Sleeping Fires by Gertrude Franklin Horn Atherton
It was morning before he could revive her, and two days before she could leave her bed. Then she developed the hacking cough he dreaded. He took her to the Sandwich Islands and kept her there for a month. The even climate and the sea voyage seemed to relieve her, but when they returned to San Francisco she began to cough again.
Do women go into a decline these days from corroding love and hope in ruins? If so, one never hears of it and the disease is unfashionable in modern fiction. But in that era woman was woman and little besides. If a woman of the fashionable world she had Society besides her family and housekeeping. She rarely travelled, certainly not from California, and if one of her band fell upon evil days and was forced to teach school, knit baby sacques, or keep a boarding-house, she was pitied but by no means emulated. Madeleine had neither house nor children, and more money than she could spend. She had nothing to ask of life but happiness and that was for ever denied her. Masters had never been out of her mind for a moment during her waking hours, and she had slept little. She ate still less, and kept herself up in Society with punch in the afternoon and champagne at night. Only in the solitude of her room did she give way briefly to excoriated nerves; but the source of her once ready tears seemed dry. There are more scientific terms for her condition these days, but she was poisoned by love and despair. Her collapse was only a matter of time.
Dr. Talbot knew nothing about psychology but he knew a good deal about consumption. He had also arrested it in its earlier stages more than once. He plied Madeleine with the good old remedies: eggnog, a raw egg in a glass of sherry, port wine, mellow Bourbon whiskey and cream. She had no desire to recover and he stood over her while she drank his potions lest she pour them down the washstand; and some measure of her strength returned. She fainted no more and her cough disappeared. The stimulants gave her color and her figure began to fill out again. But her thoughts, save when muddled by her tonics, never wandered from Masters for a moment.
The longing to hear from him grew uncontrollable with her returning vitality. She had hoped that he would break his promise and write to her once at least. He knew her too well not to measure the extent of her sufferings, and common humanity would have justified him. But his ship might have sunk with all on board for any sign he gave. Others had ceased to grumble at his silence; his name was rarely mentioned.
If she had known his address she would have written to him and demanded one letter. She had given no promise. Her husband had commanded and she had obeyed. She had always obeyed him, as she had vowed at the altar. But she had her share of feminine guile, and if she had known where to address Masters she would have quieted her conscience with the assurance that a letter from him was a necessary part of her cure. She felt that the mere sight of his handwriting on an envelope addressed to herself would transport her back to that hour in Dolores, and if she could correspond with him life would no longer be unendurable. But although he had casually alluded to his club in New York she could not recall the name, if he had mentioned it.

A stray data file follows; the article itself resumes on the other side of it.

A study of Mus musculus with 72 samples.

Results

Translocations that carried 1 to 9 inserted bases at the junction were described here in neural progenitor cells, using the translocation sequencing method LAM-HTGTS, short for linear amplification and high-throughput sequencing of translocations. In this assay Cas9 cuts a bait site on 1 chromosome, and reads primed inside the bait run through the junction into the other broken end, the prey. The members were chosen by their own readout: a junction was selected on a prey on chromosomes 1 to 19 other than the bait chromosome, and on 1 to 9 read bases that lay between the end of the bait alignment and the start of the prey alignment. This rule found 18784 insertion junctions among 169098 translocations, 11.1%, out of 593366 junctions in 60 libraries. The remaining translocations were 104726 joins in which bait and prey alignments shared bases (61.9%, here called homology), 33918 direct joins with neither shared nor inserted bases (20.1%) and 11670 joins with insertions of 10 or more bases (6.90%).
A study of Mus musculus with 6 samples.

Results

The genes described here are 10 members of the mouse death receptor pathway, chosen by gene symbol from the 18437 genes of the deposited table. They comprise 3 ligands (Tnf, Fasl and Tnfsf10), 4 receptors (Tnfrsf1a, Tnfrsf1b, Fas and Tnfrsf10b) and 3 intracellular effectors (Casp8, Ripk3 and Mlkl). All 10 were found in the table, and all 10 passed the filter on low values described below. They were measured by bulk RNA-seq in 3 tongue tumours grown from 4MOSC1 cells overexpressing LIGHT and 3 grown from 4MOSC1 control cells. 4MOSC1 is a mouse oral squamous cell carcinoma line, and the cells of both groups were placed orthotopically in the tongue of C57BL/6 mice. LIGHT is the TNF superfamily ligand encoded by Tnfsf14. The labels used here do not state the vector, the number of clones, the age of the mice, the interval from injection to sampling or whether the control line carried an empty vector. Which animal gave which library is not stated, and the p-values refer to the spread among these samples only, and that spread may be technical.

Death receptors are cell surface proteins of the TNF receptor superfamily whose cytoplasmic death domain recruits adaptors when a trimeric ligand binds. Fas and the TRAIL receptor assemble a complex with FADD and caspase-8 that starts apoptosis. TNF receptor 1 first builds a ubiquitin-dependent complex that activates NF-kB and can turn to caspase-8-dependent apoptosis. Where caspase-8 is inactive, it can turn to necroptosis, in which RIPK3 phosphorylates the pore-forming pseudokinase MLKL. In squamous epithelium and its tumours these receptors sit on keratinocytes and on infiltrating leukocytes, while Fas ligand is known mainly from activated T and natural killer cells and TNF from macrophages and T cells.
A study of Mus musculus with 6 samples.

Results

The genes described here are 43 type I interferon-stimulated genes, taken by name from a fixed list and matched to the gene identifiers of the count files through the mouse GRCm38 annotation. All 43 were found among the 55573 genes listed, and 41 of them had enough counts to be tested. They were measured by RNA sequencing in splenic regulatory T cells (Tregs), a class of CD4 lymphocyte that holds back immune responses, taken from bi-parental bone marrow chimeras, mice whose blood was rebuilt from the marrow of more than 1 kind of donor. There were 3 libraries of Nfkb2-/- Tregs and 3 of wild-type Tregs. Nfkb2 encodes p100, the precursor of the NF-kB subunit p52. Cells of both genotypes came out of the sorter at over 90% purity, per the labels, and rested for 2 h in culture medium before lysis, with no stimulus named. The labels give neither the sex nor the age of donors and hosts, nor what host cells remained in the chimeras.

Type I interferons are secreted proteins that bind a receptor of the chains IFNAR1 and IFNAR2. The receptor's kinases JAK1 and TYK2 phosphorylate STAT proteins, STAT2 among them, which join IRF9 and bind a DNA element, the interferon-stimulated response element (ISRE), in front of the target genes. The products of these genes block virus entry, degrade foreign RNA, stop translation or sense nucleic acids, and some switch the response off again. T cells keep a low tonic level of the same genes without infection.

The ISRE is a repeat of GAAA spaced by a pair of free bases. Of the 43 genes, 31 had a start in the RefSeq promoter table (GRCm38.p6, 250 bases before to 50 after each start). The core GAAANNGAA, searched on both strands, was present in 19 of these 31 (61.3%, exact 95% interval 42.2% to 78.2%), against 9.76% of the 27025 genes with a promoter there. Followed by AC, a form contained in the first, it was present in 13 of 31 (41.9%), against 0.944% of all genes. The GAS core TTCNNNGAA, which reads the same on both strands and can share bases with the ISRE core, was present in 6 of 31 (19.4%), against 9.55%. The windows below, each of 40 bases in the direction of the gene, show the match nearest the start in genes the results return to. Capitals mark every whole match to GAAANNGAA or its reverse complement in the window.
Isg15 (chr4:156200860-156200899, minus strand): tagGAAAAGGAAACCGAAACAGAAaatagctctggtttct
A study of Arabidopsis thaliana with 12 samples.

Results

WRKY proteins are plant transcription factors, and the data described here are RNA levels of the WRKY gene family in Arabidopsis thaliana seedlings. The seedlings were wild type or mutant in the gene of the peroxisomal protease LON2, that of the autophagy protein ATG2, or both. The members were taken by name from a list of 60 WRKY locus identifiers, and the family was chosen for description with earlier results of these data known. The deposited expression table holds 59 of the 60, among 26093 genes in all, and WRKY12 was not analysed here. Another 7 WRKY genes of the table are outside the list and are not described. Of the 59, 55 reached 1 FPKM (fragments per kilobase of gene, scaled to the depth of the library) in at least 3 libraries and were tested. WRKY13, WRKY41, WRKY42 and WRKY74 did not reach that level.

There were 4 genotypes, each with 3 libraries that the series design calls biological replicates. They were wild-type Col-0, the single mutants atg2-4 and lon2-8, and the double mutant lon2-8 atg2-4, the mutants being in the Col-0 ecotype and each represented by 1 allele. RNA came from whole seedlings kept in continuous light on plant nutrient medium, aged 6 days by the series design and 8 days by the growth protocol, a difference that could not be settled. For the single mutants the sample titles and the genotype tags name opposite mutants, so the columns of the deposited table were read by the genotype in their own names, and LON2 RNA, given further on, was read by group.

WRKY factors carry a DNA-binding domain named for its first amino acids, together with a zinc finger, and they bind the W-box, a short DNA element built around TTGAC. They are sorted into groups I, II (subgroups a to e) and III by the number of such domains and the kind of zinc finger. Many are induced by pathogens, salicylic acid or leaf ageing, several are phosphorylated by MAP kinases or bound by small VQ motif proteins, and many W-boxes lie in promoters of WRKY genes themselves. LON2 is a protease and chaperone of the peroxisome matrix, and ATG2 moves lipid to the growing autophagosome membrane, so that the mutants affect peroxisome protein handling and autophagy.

She went to the Mercantile Library one day and looked over files of magazines and reviews. His name appeared in none of them. It was useless to look over newspaper files, as editorials were not signed. But he must be writing for one of them. He had his immediate living to make.
What should she do?
As she groped her way down the dark staircase of the library she remembered the newspaper friend, Ralph Holt, who had packed his books --so the chambermaid had informed her casually--and whom she had met once when walking with Masters. He, if any one, would know Masters' address. But how meet him? He did not go in Society, and she had never seen him since. She could think of no excuse to ask him to call. Nor was it possible--to her, at least--to write a note and ask him for information outright.
But by this time she was desperate. See Holt she would, and after a few moments' hard thinking her feminine ingenuity flashed a beacon. Holt was one of the sub-editors of his newspaper and although he had been about to resign and join Masters, no doubt he was on the staff still. Madeleine remembered that Masters had often spoken of a French restaurant in the neighborhood of the Alta offices, patronized by newspaper men. The cooking was excellent. He often lunched there himself.
She glanced at her watch. It was one o'clock. She walked quickly toward the restaurant.